The shoulder has the greatest range of motion of any joint in the body, but that very flexibility makes it prone to injury and wear. Many problems are caused by repeated overhead motions for a long period of time. Athletes and do-it-yourselfers are especially vulnerable to overuse problems—including torn rotator cuffs. This can cause serious shoulder pain and weakness, and make it difficult to perform even simple tasks like lifting groceries or getting dressed.
If a severely injured shoulder is keeping you from living like you used to, you may be a candidate for rotator cuff surgery. At Kentucky River, orthopedic surgeons specialize in arthroscopic rotator cuff repair, a minimally invasive option that can help get your shoulder, and life, back in motion.
About Rotator Cuff Injuries
An injury to the rotator cuff—the group of muscles and tendons that keep your shoulder in place—can happen suddenly on the playing field or at work, develop gradually or simply occur as a result of aging.
Common symptoms of a rotator cuff tear include:
- Recurrent pain, especially with certain activities
- Pain that prevents you from sleeping on your injured side
- Grating or cracking sounds when moving your arm
- Limited ability to move your arm
- Muscle weakness
If your symptoms and tear are mild, surgeons will usually first recommend nonsurgical options, including rest, physical therapy or anti-inflammatory injections. But, if the pain worsens and continues to limit your active life, we may suggest surgery to help restore mobility and provide the lasting relief you need.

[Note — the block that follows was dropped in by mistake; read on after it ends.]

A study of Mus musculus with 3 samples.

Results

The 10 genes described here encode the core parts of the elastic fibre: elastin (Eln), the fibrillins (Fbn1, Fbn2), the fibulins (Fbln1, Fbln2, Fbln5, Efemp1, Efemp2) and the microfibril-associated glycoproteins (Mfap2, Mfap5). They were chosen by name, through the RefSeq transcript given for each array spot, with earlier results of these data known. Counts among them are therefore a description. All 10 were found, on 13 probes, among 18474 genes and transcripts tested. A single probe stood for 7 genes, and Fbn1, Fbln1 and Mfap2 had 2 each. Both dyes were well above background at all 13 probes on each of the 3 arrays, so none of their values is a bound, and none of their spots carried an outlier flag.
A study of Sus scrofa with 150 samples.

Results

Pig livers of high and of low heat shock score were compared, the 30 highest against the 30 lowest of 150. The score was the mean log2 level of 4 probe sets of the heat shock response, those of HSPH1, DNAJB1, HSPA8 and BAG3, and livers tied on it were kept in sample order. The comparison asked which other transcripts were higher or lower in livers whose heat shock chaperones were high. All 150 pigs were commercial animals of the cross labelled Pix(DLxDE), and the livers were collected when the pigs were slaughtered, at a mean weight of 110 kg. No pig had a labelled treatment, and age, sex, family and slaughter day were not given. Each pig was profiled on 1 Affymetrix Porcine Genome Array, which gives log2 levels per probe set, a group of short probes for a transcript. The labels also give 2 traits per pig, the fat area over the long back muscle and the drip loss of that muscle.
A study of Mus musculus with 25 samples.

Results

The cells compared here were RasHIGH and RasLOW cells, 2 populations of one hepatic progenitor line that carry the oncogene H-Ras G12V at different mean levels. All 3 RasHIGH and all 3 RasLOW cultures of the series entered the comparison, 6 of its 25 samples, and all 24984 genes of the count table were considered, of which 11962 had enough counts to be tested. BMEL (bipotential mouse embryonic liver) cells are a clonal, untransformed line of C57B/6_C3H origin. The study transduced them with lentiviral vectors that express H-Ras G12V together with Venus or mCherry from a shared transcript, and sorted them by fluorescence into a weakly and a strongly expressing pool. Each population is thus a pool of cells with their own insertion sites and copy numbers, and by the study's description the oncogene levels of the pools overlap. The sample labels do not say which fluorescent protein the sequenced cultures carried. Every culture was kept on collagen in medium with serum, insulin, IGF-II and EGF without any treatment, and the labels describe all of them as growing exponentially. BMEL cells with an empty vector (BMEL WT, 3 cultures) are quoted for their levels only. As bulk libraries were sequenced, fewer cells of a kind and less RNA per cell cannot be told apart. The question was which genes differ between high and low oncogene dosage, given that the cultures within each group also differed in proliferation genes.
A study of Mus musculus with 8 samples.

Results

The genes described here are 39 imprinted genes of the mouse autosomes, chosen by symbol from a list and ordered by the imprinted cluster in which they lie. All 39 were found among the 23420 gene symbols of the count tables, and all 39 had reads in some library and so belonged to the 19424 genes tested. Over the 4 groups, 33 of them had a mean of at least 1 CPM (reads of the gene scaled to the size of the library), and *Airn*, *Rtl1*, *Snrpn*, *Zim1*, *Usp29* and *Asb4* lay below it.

Arthroscopic Repair: Better Precision, Less Incision
In the past, surgery to repair the rotator cuff has been done through a large shoulder incision, and the muscle over the rotator cuff was separated. But newer, arthroscopic techniques, like those we use at Kentucky River, can be done with just a few small incisions, with minimal disruption to surrounding tissue.
The procedure involves inserting specialized, miniature instruments, including a small camera called an arthroscope. The camera displays the image of the joint on a large monitor, allowing your surgeon to pinpoint and repair the damaged area.
Arthroscopic rotator cuff repair may offer you a variety of benefits compared to open surgery, including:
- Less post-operative pain
- Less scarring
- Fewer complications
- Faster healing time
- Easier rehabilitation
- More shoulder flexibility and function
- Quicker return to the life you love
We usually perform arthroscopy on an outpatient basis, allowing you to leave the hospital the same day and recover comfortably at home.
Rehabilitation to Speed Healing
Following surgery, physical and occupational therapists will work closely with you to create a custom rehabilitation plan. The goal is to you help regain as much mobility and strength in your shoulder as possible. Your rehabilitation team will also communicate regularly with your surgeon to ensure you’re progressing well.